Generation X claims New Year's Eve

The midnight New Years Eve fireworks over Sydney Harbour, viewed from Mrs Macquaries Point in Sydney. 31st December 2017 Photo: Janie Barrett .

The midnight New Years Eve fireworks over Sydney Harbour, viewed from Mrs Macquaries Point in Sydney. 31st December 2017 Photo: Janie Barrett .

Oh, ABC - what were you thinking?

I thought we had a deal. You get to cover the New Year's Eve celebrations and mostly make a total hash of it and we in the media are blessed with the easiest night of shooting fish in a barrel on offer.

Instead, on Sunday you confirmed that 2017 was indeed one of the strangest years in a long time - turning on a near-flawless show that delighted viewers, involved precisely zero cock-ups or embarrassments and helped viewers put the happy back into Happy New Year.

The secret was clearing the decks of anyone inclined to talk too much and handing the night over to people who could sing, in the form of a nostalgia-heavy, Countdown-inspired live show that left hosts Charlie Pickering and Zan Rowe free to avoid the pitfalls of previous broadcasts and simply guide us swiftly from one musical highlight to the next.

In short, the hosts got out of the way and they let the party unfold.

Here, in the two-and-a-half-hour span from 9.30pm to midnight, was confirmation that while the Baby Boomers and the Millennials have been spitting and sniping amongst themselves, and about life in general in recent years, it is the mostly ignored Generation X that has quietly hijacked the choppy waters of mainstream entertainment.

This was Gen X heaven (audience-wise, the crowd most likely to be home with the kids on December 31, and nostalgia-wise, tapping into the idea that the 70s and 80s are to this decade what the 50s and 60s were to the 70s and 80s.)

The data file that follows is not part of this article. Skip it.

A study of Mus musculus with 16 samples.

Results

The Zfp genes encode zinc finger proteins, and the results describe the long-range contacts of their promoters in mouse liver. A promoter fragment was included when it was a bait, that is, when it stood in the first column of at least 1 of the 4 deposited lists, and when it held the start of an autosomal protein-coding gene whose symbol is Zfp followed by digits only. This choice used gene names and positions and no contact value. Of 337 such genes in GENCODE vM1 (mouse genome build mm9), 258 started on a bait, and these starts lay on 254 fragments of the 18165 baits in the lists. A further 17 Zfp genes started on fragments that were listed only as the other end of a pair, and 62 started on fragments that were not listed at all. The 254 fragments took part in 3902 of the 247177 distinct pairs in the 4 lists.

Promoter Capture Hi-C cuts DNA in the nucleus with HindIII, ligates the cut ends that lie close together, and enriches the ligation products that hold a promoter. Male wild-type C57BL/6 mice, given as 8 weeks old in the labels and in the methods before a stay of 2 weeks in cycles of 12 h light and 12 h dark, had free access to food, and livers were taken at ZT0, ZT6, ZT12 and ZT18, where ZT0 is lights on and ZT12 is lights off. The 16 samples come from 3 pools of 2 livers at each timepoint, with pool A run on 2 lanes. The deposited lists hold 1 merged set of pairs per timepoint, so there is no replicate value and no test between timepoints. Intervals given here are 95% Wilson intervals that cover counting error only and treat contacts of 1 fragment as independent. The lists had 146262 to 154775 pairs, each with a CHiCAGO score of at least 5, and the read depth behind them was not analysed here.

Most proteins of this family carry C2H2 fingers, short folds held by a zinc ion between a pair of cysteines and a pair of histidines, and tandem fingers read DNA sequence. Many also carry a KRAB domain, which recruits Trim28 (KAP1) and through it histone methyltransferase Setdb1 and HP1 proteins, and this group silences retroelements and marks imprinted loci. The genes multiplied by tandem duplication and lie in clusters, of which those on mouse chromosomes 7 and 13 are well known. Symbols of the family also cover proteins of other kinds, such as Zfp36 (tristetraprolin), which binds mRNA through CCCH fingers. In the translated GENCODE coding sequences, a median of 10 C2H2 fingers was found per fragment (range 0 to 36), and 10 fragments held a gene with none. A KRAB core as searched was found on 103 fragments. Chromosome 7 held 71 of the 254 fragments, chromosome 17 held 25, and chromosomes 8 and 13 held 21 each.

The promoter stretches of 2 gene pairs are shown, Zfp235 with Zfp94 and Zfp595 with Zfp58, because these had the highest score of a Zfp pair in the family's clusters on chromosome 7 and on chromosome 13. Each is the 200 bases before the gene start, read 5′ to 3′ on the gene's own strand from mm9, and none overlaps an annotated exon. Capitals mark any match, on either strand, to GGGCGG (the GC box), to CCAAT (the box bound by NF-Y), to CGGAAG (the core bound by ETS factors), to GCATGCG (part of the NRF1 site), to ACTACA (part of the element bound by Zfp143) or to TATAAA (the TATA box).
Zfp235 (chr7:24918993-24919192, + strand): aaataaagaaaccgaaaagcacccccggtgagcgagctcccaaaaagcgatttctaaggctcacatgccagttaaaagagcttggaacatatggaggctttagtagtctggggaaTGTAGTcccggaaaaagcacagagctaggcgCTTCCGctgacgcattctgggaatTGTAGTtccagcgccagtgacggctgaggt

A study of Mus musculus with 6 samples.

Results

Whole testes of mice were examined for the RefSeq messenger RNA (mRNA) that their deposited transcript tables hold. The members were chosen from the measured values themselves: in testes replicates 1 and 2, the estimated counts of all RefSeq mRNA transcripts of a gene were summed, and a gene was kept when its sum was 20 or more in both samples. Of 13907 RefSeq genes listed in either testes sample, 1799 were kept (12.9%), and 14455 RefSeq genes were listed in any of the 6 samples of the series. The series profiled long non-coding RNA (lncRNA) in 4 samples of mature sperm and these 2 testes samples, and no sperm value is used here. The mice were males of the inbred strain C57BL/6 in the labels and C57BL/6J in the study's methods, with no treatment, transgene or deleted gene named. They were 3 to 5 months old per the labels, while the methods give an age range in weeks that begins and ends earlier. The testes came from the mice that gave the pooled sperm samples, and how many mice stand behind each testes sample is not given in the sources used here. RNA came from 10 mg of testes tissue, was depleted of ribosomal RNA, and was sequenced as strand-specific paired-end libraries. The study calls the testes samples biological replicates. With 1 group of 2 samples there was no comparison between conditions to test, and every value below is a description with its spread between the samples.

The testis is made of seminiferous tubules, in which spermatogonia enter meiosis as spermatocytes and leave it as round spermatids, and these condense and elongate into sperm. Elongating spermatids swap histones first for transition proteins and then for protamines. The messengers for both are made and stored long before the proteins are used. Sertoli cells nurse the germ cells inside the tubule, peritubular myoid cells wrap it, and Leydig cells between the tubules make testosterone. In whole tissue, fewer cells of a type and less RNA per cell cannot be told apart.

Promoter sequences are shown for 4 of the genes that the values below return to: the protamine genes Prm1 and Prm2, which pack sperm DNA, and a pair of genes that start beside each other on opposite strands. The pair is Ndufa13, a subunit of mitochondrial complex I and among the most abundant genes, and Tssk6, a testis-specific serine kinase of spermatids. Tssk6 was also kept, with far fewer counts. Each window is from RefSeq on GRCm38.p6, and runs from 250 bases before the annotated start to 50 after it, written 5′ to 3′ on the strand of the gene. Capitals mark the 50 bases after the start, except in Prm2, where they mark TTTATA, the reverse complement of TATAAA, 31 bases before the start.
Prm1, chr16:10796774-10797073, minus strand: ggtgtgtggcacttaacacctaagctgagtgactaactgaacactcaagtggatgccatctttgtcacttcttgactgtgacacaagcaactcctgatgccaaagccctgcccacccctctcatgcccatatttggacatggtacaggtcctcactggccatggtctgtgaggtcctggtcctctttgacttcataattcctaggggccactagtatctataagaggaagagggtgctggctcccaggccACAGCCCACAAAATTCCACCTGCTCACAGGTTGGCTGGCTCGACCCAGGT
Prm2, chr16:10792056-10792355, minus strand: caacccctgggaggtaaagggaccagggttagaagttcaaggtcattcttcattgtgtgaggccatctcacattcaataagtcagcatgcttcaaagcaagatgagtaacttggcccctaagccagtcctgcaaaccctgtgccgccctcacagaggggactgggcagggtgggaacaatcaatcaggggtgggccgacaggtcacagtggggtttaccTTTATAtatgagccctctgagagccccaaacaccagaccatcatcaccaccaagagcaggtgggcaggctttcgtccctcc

We opened with a back-to-back romp through past hits from Jimmy Barnes, John Paul Young, Marcia Hines and a knockout Kate Ceberano. Over the rest of the show, the producers deployed an army of top-shelf talent of a different generation - Phil Jamieson, Casey Donovan, Mahalia Barnes, Stella Donnelly, Isaiah Firebrace - to bring new faces to old music. Everyone got a run - ABBA, the Divinyls, AC/DC, Cyndi Lauper, Whitney Houston, Goanna, Stevie Wright. Acts were linked by brief but useful interludes with Pickering and Rowe - the latter there to provide context and history for the music to come.

It was, essentially, a great Australian pub show - but on the most glorified stage, performed by a range of stellar talents, backed by a knockout band whose efforts all but stole the night, and delivering a New Year's Eve that barely paused for breath in between moment after moment of tight-as-a-drum entertainment.

It ended with John Paul Young leading the entire cast of performers in the always irresistible Love Is In The Air, and as they all trooped back on stage for this finale it appeared the talent had enjoyed the evening as much as the crowd at Sydney Harbour and the viewing army at home.

An awkward hiccup ahead of the final countdown saw Pickering issue a free-for-all on local cops - he later apologised for the "slip of the tongue" where he accidentally urged revellers to "kill", rather than "kiss", patrolling police officers.

But when the nominal main entertainment of the night - the traditional blowing up of the bridge - happened at midnight, for a change we could say this: it would have been a terrific show even without the fireworks.

This story Generation X claims New Year's Eve first appeared on The Sydney Morning Herald.